Major Mika mistake

by Bob Johnson 0

Norm Duke won his 34th PBA title and seventh career major in the 68th Lumber Liquidators U.S. Open at Brunswick Zone-Carolier in North Brunswick, N.J., Sunday.

How he won it stunned the packed house at Carolier and the nationwide audience watching on ESPN.

Duke claimed the title by a score of 225-216 after Mika Koivuniemi — needing only a mark and decent count in the 10th frame to prevail — missed a 10-pin.

Duke, the tournament’s top qualifier, closed his game with four consecutive strikes to put a modicum of pressure on Koivuniemi. But the Finnish native, one of the best spare shooters in bowling, uncharacteristically missed the single-pin attempt.

With his victory, Duke earned $80,000 and moved into a tie for fourth place on the PBA Tour’s list of all-time title-winners with fellow PBA Hall of Famer Mark Roth.

"You’d like to say to yourself, ‘I just won the U.S. Open,’ and maybe I’ll grow into that, but right this minute, I feel like Mika lost the U.S. Open,” Duke said.

“But I’m sitting here, holding the trophy. I had conceded the match. I knew the last four strikes were important, because you never know what’ll happen. But missing the 10-pin is like having your ace pitcher on the mound and he throws four straight balls, and you lose.”

Duke knew exactly how Koivuniemi felt on his spare attempt because in 2008, when Duke won his first U.S. Open title to complete the PBA Triple Crown and Grand Slam, he had to convert the 2-4-5-8 “bucket” in the 10th frame to win.

“I couldn’t feel my legs on the approach on that shot,” Duke said. “That’s what happens under pressure. That’s why guys miss three-foot putts. And it’s fatigue. I’m exhausted. If I had to make a 10 pin to win, it would be suspect at best.

“It’s not like I didn’t deserve to win,” Duke added. “I was the top qualifier. I did throw four strikes in a row, after leaving a solid 8-pin in the 8th frame. I did what I needed to do.”

Koivuniemi, the No. 3 qualifier for the stepladder finals, eliminated Ryan Shafer, 236-222, in Sunday’s first match. The key shot was a pocket 7-10 split by Shafer in the 8th frame.

Koivuniemi, the only player in PBA history to reach the television finals in all four PBA major championships in a single season, eliminated Tommy Jones in the semifinal match, 241-158. Jones left splits and failed to convert in the 4th, 6th and 8th frames.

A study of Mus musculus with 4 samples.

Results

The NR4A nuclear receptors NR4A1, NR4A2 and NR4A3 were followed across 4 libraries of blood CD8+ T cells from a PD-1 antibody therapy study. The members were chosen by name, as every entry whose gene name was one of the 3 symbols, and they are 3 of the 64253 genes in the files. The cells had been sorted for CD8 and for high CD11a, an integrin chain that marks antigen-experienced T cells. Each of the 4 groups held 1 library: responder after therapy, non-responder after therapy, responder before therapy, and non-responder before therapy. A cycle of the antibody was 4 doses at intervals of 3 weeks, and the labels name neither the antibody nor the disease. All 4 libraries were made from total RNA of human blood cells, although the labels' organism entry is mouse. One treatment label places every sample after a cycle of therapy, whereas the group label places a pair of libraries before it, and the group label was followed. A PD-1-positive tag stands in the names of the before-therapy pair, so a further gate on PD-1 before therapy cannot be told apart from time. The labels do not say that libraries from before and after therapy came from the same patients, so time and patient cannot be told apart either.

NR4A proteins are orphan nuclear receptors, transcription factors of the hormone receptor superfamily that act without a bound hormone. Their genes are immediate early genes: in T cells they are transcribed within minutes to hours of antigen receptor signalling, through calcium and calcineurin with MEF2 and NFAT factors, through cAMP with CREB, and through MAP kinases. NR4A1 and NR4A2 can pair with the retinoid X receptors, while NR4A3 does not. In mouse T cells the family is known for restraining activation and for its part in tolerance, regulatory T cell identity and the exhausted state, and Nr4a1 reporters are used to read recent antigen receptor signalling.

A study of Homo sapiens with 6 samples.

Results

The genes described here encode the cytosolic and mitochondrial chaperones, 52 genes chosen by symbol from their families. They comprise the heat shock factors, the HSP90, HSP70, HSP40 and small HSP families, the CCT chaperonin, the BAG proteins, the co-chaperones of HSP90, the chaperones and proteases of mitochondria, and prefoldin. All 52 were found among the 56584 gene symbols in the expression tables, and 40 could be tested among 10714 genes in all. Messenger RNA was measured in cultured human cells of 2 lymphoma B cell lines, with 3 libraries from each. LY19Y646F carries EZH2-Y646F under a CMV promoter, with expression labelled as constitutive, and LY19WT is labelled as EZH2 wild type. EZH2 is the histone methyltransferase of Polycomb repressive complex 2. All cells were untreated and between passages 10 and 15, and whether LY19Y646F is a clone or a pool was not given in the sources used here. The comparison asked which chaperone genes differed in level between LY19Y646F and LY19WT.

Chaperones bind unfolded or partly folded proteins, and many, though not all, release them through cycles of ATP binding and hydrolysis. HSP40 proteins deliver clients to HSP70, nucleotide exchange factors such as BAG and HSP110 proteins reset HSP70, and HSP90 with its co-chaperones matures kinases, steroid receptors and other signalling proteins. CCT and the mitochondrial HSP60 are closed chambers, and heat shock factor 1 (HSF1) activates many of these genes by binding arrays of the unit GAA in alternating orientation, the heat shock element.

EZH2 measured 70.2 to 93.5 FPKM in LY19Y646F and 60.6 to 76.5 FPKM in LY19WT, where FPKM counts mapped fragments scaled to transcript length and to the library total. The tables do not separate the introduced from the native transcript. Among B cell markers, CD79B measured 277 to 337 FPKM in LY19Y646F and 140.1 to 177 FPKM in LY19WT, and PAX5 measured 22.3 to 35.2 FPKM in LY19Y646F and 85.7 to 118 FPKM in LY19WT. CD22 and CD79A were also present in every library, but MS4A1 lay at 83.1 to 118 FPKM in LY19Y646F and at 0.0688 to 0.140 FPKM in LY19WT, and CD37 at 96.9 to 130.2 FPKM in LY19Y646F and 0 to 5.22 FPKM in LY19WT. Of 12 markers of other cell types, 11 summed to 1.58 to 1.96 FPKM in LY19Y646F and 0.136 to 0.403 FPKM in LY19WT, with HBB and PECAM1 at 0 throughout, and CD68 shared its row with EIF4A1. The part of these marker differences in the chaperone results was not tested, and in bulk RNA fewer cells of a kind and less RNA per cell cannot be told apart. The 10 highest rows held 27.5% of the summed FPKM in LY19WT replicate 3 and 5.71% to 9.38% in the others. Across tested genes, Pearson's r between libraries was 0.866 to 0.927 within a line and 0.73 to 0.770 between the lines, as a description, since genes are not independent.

“Duke is one of the greatest players ever. I knew it was going to be a tough match,” Koivuniemi said after he’d had some time to compose himself. “I took the biggest shot of my life in the 10th frame and left the 10-pin but, unfortunately, I didn’t make my spare.

“It was my nerves, I guess. I was thinking about the wrong things. This is the first time in my life I’ve lost a title like that.”

Over the past five years, PBA Tour players have a 95.9% success rate in converting the 10-pin on 710 attempts on national television.

BJI’s Jim Dressel was on hand for the Open, and his special feature story will appear in the April issue of BJI.

Bob Johnson

Bob Johnson has received more national writing awards than any other bowling writer — close to 70 over the course of his 40-year career. He began at age 16 as a staff writer and then assistant editor for the weekly Pacific Bowler newspaper in his native California, and within three years was writing feature stories for Bowlers Journal. He has written for the magazine ever since, except for a five-year span when he was hired as the founding editor of another magazine. He moved to Chicago in 2000 and spent 13 years in the Windy City, including five as Bowlers Journal’s Editor. In 1975, Johnson received the Robert E. Kennedy Award as California’s top undergraduate high school journalist. Five years earlier, on the lanes, he had shared the Bantam Division Doubles championship in the Orange County Junior Bowling Association Championships. Today, he continues to work full-time for Bowlers Journal as its Senior Editor, to write his popular “Strikes Me” column, and to edit Luby Publishing Inc.’s weekly business-to-business Cyber Report.